Haas F1 Team principal Guenther Steiner is certain that driver Mick Schumacher won't suffer from a loss of confidence when he returns to the cockpit, despite his huge accident in Saudi Arabia last week.
Schumacher's VF-22 had been thrown off balance by running over the kerbs at the exit of turn 10 of the Jeddah Corniche Circuit during the second round of qualifying on Saturday night, hitting the wall with an estimated force of 33G.
While conscious, Schumacher had to be helped from the car and taken to the medical centre, and from there was airlifted o a nearby hospital for further tests, scans and evaluation.
Schumacher was given the all-clear and released later the same evening, but the team decided to withdraw his entry from the race due to the extent of the damage to his car, estimated as costing the team up to $1 million.
It's the 23-year-old German's biggest and scariest accident to date since he followed in his father's footsteps and joined the F1 grid at the start of 2021. But Steiner fully expects him to bounce back next week in Australia.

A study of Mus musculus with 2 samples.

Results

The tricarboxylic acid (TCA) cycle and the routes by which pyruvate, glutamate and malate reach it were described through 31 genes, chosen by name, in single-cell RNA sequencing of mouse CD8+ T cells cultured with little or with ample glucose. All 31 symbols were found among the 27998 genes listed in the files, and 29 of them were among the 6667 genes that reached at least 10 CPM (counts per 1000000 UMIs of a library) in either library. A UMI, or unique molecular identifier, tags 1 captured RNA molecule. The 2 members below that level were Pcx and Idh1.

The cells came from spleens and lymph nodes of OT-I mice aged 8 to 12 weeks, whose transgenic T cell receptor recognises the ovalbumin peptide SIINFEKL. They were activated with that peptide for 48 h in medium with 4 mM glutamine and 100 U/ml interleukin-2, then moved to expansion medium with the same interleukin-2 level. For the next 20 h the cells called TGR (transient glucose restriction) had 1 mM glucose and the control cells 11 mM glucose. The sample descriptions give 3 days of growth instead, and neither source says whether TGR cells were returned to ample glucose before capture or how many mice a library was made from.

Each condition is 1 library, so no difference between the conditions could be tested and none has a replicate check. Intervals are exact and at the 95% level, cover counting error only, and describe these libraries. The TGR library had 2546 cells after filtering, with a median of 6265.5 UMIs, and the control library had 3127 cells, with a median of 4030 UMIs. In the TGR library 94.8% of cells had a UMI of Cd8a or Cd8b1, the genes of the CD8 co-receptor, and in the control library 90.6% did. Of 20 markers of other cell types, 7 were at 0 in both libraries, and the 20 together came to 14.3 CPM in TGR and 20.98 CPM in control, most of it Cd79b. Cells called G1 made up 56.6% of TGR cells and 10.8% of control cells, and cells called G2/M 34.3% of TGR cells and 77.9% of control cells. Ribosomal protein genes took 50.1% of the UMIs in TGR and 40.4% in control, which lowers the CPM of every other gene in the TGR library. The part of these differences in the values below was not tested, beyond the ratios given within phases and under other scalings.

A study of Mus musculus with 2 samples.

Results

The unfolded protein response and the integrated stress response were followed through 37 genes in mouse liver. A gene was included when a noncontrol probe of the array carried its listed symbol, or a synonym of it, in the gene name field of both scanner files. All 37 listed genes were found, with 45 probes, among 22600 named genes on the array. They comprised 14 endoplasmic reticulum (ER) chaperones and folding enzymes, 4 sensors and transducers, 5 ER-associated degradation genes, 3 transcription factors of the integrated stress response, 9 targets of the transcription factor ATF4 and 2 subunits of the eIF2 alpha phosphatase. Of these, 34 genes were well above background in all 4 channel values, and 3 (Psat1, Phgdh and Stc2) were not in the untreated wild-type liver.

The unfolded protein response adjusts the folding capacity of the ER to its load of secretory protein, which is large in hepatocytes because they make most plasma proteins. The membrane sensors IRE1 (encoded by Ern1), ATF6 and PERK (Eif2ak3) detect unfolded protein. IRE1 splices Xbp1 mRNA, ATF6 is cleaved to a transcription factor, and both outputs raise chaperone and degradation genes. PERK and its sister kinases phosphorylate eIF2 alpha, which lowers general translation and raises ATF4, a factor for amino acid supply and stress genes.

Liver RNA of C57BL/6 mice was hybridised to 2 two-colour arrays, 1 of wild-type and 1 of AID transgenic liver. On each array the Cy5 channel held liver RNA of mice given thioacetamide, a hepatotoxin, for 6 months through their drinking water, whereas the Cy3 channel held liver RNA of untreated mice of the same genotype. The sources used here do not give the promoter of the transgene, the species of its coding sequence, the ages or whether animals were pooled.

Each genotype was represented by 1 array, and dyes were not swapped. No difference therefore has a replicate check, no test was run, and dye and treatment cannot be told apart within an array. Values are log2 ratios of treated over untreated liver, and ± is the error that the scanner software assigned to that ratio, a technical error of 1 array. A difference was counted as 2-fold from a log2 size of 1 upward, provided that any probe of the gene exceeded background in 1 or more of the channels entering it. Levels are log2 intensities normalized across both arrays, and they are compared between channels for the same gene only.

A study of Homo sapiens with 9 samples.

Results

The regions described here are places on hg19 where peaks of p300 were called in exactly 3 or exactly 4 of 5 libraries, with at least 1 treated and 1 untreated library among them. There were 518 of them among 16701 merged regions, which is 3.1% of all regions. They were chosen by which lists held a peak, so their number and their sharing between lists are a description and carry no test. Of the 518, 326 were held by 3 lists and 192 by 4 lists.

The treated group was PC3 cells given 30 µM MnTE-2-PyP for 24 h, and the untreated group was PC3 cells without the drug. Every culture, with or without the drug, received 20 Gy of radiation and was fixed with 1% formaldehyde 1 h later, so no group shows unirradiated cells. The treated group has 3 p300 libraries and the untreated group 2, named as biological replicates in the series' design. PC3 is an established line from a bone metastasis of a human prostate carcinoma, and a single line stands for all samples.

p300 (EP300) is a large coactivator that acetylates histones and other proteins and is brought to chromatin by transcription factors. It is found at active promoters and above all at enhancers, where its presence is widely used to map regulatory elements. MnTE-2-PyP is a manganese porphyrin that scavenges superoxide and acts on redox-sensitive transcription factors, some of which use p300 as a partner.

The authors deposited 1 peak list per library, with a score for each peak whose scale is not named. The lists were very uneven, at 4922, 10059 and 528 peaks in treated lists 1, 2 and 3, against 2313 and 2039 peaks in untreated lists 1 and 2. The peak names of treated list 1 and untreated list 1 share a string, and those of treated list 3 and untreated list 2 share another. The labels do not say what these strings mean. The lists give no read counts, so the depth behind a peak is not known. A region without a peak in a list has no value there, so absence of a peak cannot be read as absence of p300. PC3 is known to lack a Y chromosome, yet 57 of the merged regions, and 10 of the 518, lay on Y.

"I don't think that he'll lose confidence," Steiner said. "I think just getting back in a car, then you gain this confidence again.
"We need to talk [the accident] through, but I think he needs to do that because we didn't drive the car," he continued. "We need to know what he wants to see.
"[We still have to] compare the data with Kevin [Magnussen], and I haven't compared the data. Did he try too hard?" he mused. "Was the tyre not warm enough? We need to find out."
The accident came just a week after Schumacher had recorded his best F1 career result so far with 11th place in the Bahrain Grand Prix, thanks to a significantly improved 2022 Haas.
"Obviously now the target is set a little bit higher than last year," Steiner said. "Last year there was no question at all, we were content to be 19th and 20th because that was where we were.
"This year we think it's a good thing for him [to be under more pressure], because you have to learn this.
"I continue to say, the higher up you get the thinner the air gets, so you need to deal with it," he continued. "It's part of being an F1 driver.
"Dealing with pressure - that's any high-profile sport or management position - the pressure is on, and if you don't like the pressure go and do something else."
Last year, Haas ended the season in last place in the constructors championship with neither Schumacher nor Nikita Mazepin picking up a single point all season.
With Mazepin leaving the team in the wake of Russia's invasion of Ukraine, his replacement Kevin Magnussen has already picked up two top ten finishes for Haas.
He has a total of 12 points, helping put the team into fifth place in the standings.